Page last updated at 09:09 GMT, Friday, 11 September 2009 10:09 UK

Songbirds sing cross-species duet

By Victoria Gill
Science reporter, BBC News

Antbirds (Joe Tobias)
The two "ancient species" have evolved the same territorial songs

Two different Amazonian bird species sing the same song, say scientists.

Males of the two antbird species have evolved the same call to keep other males off their patch.

The researchers from Oxford University believe this is the first evidence of two separate species having evolved the same territorial song.

They report in the journal Evolution that this is an efficient way to compete for resources without risking injury through fighting.

Both birds, the Peruvian warbling antbird and the yellow-breasted warbling antbird, belong to the same large family.

"But the fact that two species have the same song is actually a pretty weird finding," said Joe Tobias from Oxford's Edward Grey Institute, who led the research.

The fact that the songs were "similar" had already been documented, which was why Dr Tobias and his colleagues started to look into the antbirds' biology.

"We thought they must be recently separated (from a common ancestor), but when we carried out genetic tests, we discovered that they both were ancient species - several millions of years old."

This finding made it even more strange that the birds should have such similar songs.

"So we decided to study them more intensively in the field - mapping their territories, seeing how they responded to the songs."

Crossing over

The team recorded the songs of both species and played the recordings to male birds that were resident in their own territory.

The birds were fooled by the imitation.

"When we played the song of the [rival] species, the resident bird responded as aggressively as it did to its own species," said Dr Tobias.

"It works - there's no overlap in the territory between the two species."

Dr Tobias explained that the males' song was a "territorial signal" that competitors recognised.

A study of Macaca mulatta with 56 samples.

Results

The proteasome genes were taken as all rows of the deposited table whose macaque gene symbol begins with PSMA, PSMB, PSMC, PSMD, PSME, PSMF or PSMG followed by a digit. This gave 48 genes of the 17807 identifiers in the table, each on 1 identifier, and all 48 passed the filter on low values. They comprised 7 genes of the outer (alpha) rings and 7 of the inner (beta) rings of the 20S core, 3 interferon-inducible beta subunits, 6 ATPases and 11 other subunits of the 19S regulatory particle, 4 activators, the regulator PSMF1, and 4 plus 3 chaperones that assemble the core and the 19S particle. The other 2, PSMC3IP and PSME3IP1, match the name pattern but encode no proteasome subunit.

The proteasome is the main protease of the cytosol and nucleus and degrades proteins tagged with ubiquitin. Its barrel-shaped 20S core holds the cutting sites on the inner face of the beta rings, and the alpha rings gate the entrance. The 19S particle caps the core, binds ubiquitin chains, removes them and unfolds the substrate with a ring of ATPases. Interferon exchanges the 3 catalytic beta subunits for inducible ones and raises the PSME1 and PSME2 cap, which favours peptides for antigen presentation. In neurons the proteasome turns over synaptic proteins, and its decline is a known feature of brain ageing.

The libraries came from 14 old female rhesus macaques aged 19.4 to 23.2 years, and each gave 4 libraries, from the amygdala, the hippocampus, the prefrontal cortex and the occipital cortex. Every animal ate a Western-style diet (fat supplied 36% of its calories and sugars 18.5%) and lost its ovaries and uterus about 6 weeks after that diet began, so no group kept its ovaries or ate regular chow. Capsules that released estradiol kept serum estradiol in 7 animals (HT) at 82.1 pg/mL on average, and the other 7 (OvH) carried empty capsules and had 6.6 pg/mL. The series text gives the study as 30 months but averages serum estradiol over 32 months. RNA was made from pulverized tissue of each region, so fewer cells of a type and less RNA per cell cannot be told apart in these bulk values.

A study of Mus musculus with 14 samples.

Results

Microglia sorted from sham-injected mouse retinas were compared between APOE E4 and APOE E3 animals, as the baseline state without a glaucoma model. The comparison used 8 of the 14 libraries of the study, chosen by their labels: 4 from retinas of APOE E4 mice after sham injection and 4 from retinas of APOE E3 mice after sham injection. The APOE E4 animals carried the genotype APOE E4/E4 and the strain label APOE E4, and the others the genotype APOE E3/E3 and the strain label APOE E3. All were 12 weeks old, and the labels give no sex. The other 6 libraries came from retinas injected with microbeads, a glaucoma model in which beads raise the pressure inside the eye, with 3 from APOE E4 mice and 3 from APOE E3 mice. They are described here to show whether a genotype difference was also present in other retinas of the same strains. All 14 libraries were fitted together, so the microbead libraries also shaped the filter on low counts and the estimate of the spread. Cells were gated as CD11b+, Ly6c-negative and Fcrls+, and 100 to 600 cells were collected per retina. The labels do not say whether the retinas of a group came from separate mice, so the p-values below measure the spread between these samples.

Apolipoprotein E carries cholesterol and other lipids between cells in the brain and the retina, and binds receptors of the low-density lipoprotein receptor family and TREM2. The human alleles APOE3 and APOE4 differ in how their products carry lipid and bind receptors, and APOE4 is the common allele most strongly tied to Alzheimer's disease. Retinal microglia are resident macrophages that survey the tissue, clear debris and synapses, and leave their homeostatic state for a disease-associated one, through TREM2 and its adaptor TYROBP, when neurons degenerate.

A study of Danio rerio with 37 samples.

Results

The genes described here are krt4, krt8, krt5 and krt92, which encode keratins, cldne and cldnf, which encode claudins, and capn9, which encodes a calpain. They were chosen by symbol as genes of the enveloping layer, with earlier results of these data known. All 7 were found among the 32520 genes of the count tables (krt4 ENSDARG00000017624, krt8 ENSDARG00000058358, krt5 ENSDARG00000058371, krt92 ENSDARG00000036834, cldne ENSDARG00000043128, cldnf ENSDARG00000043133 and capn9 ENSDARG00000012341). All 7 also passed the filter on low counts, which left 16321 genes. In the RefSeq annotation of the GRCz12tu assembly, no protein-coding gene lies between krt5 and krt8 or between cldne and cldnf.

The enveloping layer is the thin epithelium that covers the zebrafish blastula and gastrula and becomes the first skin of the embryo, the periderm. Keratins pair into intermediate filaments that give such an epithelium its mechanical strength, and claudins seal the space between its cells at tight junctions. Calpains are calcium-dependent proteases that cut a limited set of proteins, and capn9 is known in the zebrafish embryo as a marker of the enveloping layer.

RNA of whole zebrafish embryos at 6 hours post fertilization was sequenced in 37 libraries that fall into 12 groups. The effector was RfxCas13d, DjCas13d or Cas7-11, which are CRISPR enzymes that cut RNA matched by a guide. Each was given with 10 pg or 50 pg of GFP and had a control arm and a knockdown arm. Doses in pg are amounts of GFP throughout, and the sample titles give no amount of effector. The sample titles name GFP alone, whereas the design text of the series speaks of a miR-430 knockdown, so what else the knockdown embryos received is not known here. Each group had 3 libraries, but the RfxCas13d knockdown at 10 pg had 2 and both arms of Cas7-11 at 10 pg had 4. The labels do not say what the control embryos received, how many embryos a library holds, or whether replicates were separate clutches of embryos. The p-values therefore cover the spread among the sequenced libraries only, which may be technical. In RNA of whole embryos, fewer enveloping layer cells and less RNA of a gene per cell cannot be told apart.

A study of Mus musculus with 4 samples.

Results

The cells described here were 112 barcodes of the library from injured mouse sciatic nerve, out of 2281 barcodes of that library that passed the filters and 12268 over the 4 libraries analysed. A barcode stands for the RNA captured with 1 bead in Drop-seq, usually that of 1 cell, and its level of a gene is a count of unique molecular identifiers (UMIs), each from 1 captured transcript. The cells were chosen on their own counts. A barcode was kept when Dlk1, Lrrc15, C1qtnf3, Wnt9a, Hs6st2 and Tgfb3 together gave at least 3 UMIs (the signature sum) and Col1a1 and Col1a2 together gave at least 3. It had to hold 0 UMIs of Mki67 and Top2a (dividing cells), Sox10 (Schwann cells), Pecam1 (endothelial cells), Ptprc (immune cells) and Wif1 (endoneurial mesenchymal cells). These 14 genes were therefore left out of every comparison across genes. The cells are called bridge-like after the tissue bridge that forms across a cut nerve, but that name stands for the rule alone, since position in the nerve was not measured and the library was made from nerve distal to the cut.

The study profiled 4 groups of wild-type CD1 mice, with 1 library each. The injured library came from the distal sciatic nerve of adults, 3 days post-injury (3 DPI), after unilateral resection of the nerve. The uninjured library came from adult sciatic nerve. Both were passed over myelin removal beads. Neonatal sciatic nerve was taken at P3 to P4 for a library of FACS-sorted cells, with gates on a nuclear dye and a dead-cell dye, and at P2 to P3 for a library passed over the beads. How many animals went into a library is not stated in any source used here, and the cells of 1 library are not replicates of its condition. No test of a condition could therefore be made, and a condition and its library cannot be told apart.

"That's why all the members of the same species tend have the same song - it's an easily recognisable deterrent signal," he said.

"In this case, the system seems to have crossed over the species barrier, and more than one species is using the same signal."

Male Peruvian antbird (Joe Tobias)
Males of both species are fooled by the imitation

The scientists think that the birds' songs evolved over millions of years to "converge".

"We have more closely related species than these two in other parts of South America, and they have songs that are far more different, despite the fact that they have had less time to develop," said Dr Tobias.

Carlos Botero, an animal communication researcher from the National Evolutionary Synthesis Center in North Carolina, who was not involved in the study, described it as a "very interesting and well designed experiment".

"This is the first time this has been looked so carefully and in such detail," he told BBC News.

He pointed out that there were some differences between the antbirds' songs but that the playback experiment provided "very nice confirmation that the similarity between the songs was biologically relevant".

"The key thing is that the songs are much less different than other traits, such as their plumage, that have nothing to do with territory," Dr Botero explained.

The study brought to light, he said, that some signals, including birdsong, were driven by "social selection", where animals evolve to compete for the same resources.